University of Kentucky Cooperative Extension agents in Campbell, Boone and Kenton counties recently hosted more than 70 sports turf managers from the Greater Cincinnati area during the Northern Kentucky Sports Turf Workshop held at the Campbell County extension office.
"There's a big sports market here in the northern Kentucky and Cincinnati area," said A.J. Powell, UK turf specialist. "We're targeting the folks who maintain, mow and fertilize the fields. We're covering not just the natural grass fields we promote, but the synthetic ones as well. About 20 to 25 high schools use synthetic fields in the Cincinnati area.
"We're also trying to give these managers some tips on how to survive these economic times," Powell continued. "Budgets are cut; it's harder to hire workers, so if we can help them find more efficient and less expensive ways to do their jobs, that is what we like to do."
Sports turf managers who attended the workshop heard presentations from Doug Vescio of Vescio Sports Fields about "The Fit for Synthetic Infills" and also from Cincinnati Bengals turf manager James Hlavaty about "Maintaining the Bengals Practice Fields" before heading out to Northern Kentucky University's softball and baseball fields to discuss management there.
Bucky Trotter, former UK turf manager, was on hand in his current role as director of sports turf for Midwest Golf and Turf. He said he's always had an interest in supporting other turf managers through extension programming and workshops.
"There's just a huge number of municipal, parks and recreation, K-12 school fields throughout the state," he said. "If you think about the number of participants in those sports, it's a really large part of what goes on in Kentucky from spring through fall."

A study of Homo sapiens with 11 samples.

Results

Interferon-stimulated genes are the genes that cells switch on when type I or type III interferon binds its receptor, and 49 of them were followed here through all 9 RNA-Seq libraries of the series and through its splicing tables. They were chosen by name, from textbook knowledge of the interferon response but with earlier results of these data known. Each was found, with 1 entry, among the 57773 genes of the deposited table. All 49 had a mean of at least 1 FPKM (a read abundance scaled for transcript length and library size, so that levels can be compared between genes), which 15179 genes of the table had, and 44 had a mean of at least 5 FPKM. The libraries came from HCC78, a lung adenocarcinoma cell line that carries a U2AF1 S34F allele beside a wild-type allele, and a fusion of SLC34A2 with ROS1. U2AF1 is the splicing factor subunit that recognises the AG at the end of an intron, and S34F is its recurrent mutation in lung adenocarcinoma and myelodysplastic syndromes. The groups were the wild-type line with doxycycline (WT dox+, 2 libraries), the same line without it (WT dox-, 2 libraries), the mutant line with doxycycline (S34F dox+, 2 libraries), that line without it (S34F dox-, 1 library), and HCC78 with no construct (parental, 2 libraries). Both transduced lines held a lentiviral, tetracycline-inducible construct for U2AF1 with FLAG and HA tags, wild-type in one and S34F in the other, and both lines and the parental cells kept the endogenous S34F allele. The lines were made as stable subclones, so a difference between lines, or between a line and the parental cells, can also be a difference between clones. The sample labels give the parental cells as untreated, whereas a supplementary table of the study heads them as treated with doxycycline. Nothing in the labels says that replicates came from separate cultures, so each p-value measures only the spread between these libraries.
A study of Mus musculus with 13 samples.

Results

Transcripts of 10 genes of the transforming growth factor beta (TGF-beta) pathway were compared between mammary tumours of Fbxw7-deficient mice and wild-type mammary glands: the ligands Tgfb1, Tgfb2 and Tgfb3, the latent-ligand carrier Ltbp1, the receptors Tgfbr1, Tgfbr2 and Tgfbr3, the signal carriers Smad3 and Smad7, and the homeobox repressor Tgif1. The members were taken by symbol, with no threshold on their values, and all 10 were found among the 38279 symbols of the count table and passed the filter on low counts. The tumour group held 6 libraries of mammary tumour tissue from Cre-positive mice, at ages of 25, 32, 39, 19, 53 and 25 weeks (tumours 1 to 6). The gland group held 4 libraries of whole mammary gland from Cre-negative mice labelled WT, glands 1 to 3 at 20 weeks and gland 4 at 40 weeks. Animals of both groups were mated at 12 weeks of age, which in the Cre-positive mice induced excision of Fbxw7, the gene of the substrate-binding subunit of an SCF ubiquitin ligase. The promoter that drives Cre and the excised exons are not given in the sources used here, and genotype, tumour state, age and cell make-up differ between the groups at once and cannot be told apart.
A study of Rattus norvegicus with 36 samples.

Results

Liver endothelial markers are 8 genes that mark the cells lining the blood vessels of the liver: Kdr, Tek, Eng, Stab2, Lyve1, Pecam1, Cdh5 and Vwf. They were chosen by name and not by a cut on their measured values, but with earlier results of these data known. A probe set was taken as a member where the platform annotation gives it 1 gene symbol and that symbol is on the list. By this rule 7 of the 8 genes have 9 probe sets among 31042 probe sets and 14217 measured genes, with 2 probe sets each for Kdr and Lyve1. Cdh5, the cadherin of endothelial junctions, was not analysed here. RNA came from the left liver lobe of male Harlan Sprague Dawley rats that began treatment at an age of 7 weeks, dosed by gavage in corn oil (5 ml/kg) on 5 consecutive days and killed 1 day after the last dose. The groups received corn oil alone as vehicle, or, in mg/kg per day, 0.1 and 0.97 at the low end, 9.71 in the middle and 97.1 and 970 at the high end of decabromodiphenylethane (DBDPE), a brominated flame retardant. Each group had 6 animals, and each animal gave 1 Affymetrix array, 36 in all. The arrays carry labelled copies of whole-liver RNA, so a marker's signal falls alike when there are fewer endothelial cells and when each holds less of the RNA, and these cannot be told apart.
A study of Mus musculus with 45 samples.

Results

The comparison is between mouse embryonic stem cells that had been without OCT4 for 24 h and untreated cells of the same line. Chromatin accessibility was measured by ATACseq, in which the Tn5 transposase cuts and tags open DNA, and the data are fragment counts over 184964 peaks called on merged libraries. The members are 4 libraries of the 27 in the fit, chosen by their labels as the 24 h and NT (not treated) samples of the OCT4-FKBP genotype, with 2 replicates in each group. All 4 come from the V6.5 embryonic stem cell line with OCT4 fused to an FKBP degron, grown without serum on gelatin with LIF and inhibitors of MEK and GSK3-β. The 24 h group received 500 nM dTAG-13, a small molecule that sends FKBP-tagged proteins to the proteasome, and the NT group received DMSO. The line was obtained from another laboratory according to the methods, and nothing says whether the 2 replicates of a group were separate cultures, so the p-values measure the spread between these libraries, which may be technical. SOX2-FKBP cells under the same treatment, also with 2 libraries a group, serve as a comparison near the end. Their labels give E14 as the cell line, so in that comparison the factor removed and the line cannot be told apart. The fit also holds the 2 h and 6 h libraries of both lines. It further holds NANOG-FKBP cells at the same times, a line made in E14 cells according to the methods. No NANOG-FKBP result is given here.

Workshop organizers invited representatives from several equipment companies to come and demonstrate their products at the workshop.
"We try to expose them to several companies with competing equipment and give them a chance to look at it without pressure to buy one or the other," Powell said. "It gives us a chance to talk to them about cheaper equipment that might be just as efficient for their situations."
Trotter said there is a trend among turf managers to look at pre-owned equipment more and more. He said it's just another way turf managers are learning to adapt to the current economy.
Marcus Deane, UK's assistant turf manager, was on hand to talk about programming field maintenance and also to answer questions in his role as president of the Kentucky Sports Turf Managers Association.
"These workshops are really valuable for this time period, this economic crisis we are in," he said. "But also, it's a regional, localized thing where extension and the Kentucky Sports Turf Managers Association can come together and offer expertise to these managers where they are, so they don't have to take too much time off work."
Boone County Extension Agent for Horticulture Mike Klahr said, ultimately, the field day is a good way to introduce turf managers to Cooperative Extension and show them what resources are available through their county agents.
"It's very valuable for those taking care of ball fields," he said. "This gives us an opportunity to let them know what we can do for them in extension. They bring in soil samples and also plant and insect samples throughout the year for us to identify."Other workshops are planned for May 21 at the Marshall County High School in Benton (contact Lincoln Martin, 270-527-3285) and a hands-on workshop hosted by the Kentucky Sports Turf Managers Association at the University of Louisville June 16 and 17 (contact Marcus Deane, firstname.lastname@example.org). The 2009 UK Turf Field Day is set for July 9 at Spindletop Research Farm in Lexington. Contact Powell at 859-257-5606 for more information.